Lessons From The Life And Career of Carl 'The Jackal' Frampton:
5 Techniques To Supercharge Your Success
Read Time : 4 minutes
Carl 'The Jackal' Frampton will undoubtedly go down as one of the greatest Irish boxers of all time.
His name will now join the ranks of Steve 'The Celtic Warrior' Collins, Wayne 'The Pocket Rocket' McCullough and Katie Taylor in the inevitable fire side debates about 'The Best Irish Boxer Ever'. Carl, in his prolific, yet turbulent, career transcended the sport of boxing. Not only did he succeed in becoming a two-weight World Champion but, maybe more impressively, he succeeded in unifying both sides of a divided community.
The life and legacy of Carl Frampton has many lessons, with the five most pertinent, actionable and impactful outlined below:
Every journey in this life starts with a single step.
This young kid from Tiger's Bay was never to know that making the decision to step into the Midland Boxing Club would transform the trajectory of his life. By having the courage to dance under the bright lights, Carl gave himself the opportunity to defy the odds that were stacked against him and to have a successful and lucrative professional career. Undoubtedly honing his skills, paying his dues and working his way from the amateur to professional ranks took hard work and dedication to his craft, but it all started with that first step.
For those thinking about a career change, starting a business or getting back into shape, give yourself that chance; Take that first step!
Failure and adversity are part of the process.
Carl has had to deal with some serious adversity throughout his career; From lost fights, questioning over his choice to fight for Ireland, disputes with trainers, opponents falling in the shower to a large hotel ornament falling on his hand prefight. As a true professional he has grown and learnt from each of these experiences while managing to keep the main thing the main thing. His constant focus on boxing, improving his skillset and his mindset of controlling the controllable are what set him apart from those around him.
If you are to move from amateurism to professionalism within your chosen domain the adoption of a 'Win or Learn' mentality, as coined by Coach Kavanagh, in the face of adversity is essential.
It takes a village to raise a child.
As a dejected Carl pulled on the t-shirt of his late coach and mentor, Billy McKee, it was obvious that the weight of failing (in his eyes at the time) to honour Billy by winning the WBO World Super-Featherweight Title lay heavier on his shoulders than the defeat itself. This poignant, yet beautiful, moment highlighted just how important our community and the people we surround ourselves with really are. By simply caring enough to recognise that there was something special about Carl Frampton, Billy McKee began the process of 'creating a champion'!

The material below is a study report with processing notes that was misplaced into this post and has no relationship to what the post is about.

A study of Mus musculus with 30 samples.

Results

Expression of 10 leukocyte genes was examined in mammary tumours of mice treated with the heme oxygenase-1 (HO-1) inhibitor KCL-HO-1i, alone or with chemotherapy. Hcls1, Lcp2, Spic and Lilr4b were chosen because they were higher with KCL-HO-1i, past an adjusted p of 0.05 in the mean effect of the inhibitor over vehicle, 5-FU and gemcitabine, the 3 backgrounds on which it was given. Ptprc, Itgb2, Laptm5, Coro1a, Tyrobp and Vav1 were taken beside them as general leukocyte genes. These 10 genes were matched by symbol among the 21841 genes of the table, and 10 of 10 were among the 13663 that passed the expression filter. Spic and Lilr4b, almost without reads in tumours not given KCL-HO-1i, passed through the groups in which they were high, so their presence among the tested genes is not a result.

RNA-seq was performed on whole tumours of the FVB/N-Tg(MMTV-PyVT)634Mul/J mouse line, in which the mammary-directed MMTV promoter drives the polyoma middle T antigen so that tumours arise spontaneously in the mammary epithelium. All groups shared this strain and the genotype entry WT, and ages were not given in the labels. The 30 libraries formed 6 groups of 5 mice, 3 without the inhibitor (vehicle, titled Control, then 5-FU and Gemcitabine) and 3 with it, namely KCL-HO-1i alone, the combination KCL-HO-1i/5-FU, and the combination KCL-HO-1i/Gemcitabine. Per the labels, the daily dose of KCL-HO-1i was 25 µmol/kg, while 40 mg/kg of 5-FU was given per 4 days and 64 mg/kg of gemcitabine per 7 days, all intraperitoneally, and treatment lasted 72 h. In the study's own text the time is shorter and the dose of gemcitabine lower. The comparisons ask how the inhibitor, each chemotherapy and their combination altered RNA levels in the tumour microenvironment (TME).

Surround yourself with great people and be the mentor, coach and person that you needed growing up – that way you won't go far wrong.
Know when to quit.
The phenomena described by psychologists as 'sunk cost bias' describes our tendency to continue investing in a losing proposition because of what it has already cost us. For Carl, sunk cost bias, would have involved him giving it 'one more go'. Thankfully, deep self-reflection and realising that time has simply caught up with The Jackal means a safe and gracious exit from the sport.
We have all seen the fighter who had 'one more fight', the rugby player who played 'one last season' (in my own case, resulting in a ruptured bicep) or the principal who worked 'one last academic year', usually resulting in irreparable damage; Leave before your body decides for you.
Family is number one.
When all is said and done, the bright lights switched off and the crowd gone, Carl and his family are the only ones who will be left to deal with the consequences of his career.
In his own words, 'boxing has been very good to me, but it's been bad too'. To reach the pinnacle of his profession required complete laser like focus and total dedication to the detriment of other areas of his life. Thankfully his lifetime earnings will allow him a comfortable life that he can now fully dedicate to his wife and children.
As Steve Bunce alluded to on the night, the fairy tale in boxing is a rare thing which unfortunately eluded The Jackal.
On a personal note, and I speak for the majority of the Irish boxing community on this one, I would like to thank you for the wonderful memories and occasions, with family and close friends, that your fights and performances helped create.